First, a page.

Clockwise from Nathon, Mae Nam Beach, on Samui's north shore, is 12km (7 1/2 miles) from the ferry pier, facing nearby Ko Pha Ngan. The coarse sand is shaded by palm trees, and its peaceful calm bay has water deep enough for swimming; it is often spared the fierce winds that whip up during the stormy months. Although bigger, upmarket resorts are taking over here, too, there are still some affordable resorts and a number of simple, charming bungalows -- it's fast becoming the budget choice on Samui. Ban Mae Nam, a small commercial hub, is just east of the Santiburi Resort and has lots of good little restaurants and shops.
Bophut Beach, the next village along the north coast, is one of the island's fastest developing areas. Bophut's long coarse-sand beach narrows considerably in the monsoon season, but the water remains fairly calm year-round. Turning off at "Big Buddha," there's a sign marking the entrance to Fisherman's Village, a delightful small street where you'll find restaurants and guesthouses among a beachside clutch of small houses and shops. It's definitely worth a wander.
Big Buddha Beach (Bangrak) is just east of Bophut and has a fairly clean, coarse-sand beach and a calm bay for swimmers (shallow in the low season, May-Oct). Many small restaurants, businesses, shops, and an increasing number of new resorts and taxis create a busier pace than is evident at other, more removed beaches. However, it is becoming a popular choice, with several new resorts that look out over Ko Faan, the island home of Ko Samui's huge seated Buddha. The Queen Ferry leaves from Big Buddha pier, taking Full-Moon partygoers to Had Rin on Ko Pha Ngan four times a day. Speedboats also leave from a nearby pier, departing hourly during Full-Moon Party time.
Ko Samui's northeastern tip features the beautiful headland of Choeng Mon, with stunning views all around from west to east; this is home to some of the island's most exclusive resorts. Bold rock formations create private coves and protected swimming areas -- though from mid-October to mid-December, the monsoon can stir up the wind and waves, creating a steep drop-off from the coarse-sand beach, and a strong undertow. Tongsai Bay is a beautiful cove dominated by one resort; its privacy is a plus or a minus, depending on what you are looking for.
Southeast of Tongsai, as the road descends from the headland down toward Chaweng, is the fine sandy stretch called Choeng Mon Beach, a gracefully shaped crescent about 1km (2/3 mile) long, and lined with shady palm trees (and an increasing number of shops). Swimming here is excellent, with few rocks near the central shore, although the water level can become very low from May to October (low season). Across the way is Ko Fan Fa, a deserted island with an excellent beach. You can swim or, if the tides are right, walk there -- but be careful of the rocks at low tide.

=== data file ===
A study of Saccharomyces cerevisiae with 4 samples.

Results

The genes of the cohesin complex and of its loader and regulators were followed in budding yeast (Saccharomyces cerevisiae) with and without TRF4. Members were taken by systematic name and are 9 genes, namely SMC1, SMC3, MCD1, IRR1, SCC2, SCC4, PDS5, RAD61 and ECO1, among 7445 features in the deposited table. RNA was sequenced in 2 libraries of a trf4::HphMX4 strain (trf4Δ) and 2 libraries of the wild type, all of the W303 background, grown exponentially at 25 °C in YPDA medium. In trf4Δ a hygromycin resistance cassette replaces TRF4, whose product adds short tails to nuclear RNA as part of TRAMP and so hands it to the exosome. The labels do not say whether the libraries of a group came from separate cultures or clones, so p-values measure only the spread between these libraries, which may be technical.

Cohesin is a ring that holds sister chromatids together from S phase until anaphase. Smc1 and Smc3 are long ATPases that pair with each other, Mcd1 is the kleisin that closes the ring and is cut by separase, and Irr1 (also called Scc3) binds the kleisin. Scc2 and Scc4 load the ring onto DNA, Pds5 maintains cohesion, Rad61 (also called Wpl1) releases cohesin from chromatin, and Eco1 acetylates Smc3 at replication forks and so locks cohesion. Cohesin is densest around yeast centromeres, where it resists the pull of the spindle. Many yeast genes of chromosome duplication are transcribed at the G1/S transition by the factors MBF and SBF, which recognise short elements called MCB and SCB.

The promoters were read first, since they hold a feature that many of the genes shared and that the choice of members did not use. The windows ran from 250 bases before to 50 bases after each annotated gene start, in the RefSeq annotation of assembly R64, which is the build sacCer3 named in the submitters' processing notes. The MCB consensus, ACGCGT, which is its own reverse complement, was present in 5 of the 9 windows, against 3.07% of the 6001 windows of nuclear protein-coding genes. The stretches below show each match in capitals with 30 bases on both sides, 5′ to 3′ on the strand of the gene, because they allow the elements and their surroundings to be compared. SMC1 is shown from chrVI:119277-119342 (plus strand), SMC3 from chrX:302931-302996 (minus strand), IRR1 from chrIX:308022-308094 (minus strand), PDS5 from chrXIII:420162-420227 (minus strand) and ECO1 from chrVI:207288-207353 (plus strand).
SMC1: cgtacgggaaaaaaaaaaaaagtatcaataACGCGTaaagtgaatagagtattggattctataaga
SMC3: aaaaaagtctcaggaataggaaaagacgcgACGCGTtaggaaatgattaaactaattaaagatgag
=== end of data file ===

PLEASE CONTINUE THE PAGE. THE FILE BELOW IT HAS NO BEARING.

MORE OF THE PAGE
Although Chaweng is the busiest destination on Ko Samui, if you don't mind the hustle and bustle (or Starbucks or McDonald's), it can be great fun. Money-changing, high-speed Internet cafes, laundry facilities, travel and rental agencies, medical facilities, shopping, restaurants, and nightlife are all on your doorstep. The two Chaweng beaches (North Chaweng and south Chaweng Noi) are the longest on the island, but, in some places, an offshore reef limits the water to wading depth only -- an advantage if you have young kids. Still, you should at least take a wander here to see what you're missing. The more recently developed north end of the strip abuts the rocky coast, but the swimming is better to the south (though a bit shallow near the shore in low season).
The long sand beach of Lamai Bay, in the southeast, is comparable to Chaweng's, and although many top-range resorts are moving in, there are a few budget options offering bungalows at the north end of the beach. The town area is less developed but does have a wide range of services, cafes, and restaurants, although nightlife tends to center on the small bars on the main street. Samui's waterfalls lie inland of Lamai, toward Ban Thurian at Na Muang.
Laem Set Bay is a small rocky cape on Samui's southeast coast, with dramatic scenery that prompted the construction of a few resorts, some of which have been around for 25 years.
On the west coast, you'll find one of Samui's better beaches at Ao Phang Kha (Emerald Cove), south of Ban Taling Ngam, on Route 4170. Generally, the west coast beaches are the most isolated on the island, offering few facilities and rocky waters, making the beaches barely swimmable. Many Thai families stop for picnics at Hin Lat Falls, a rather uninteresting inland site 2km (1 1/4 miles) southeast of Nathon. Samui used to supply enough freshwater for the whole town, but now high-season droughts blight the island.
Note: This information was accurate when it was published, but can change without notice. Please be sure to confirm all rates and details directly with the companies in question before planning your trip.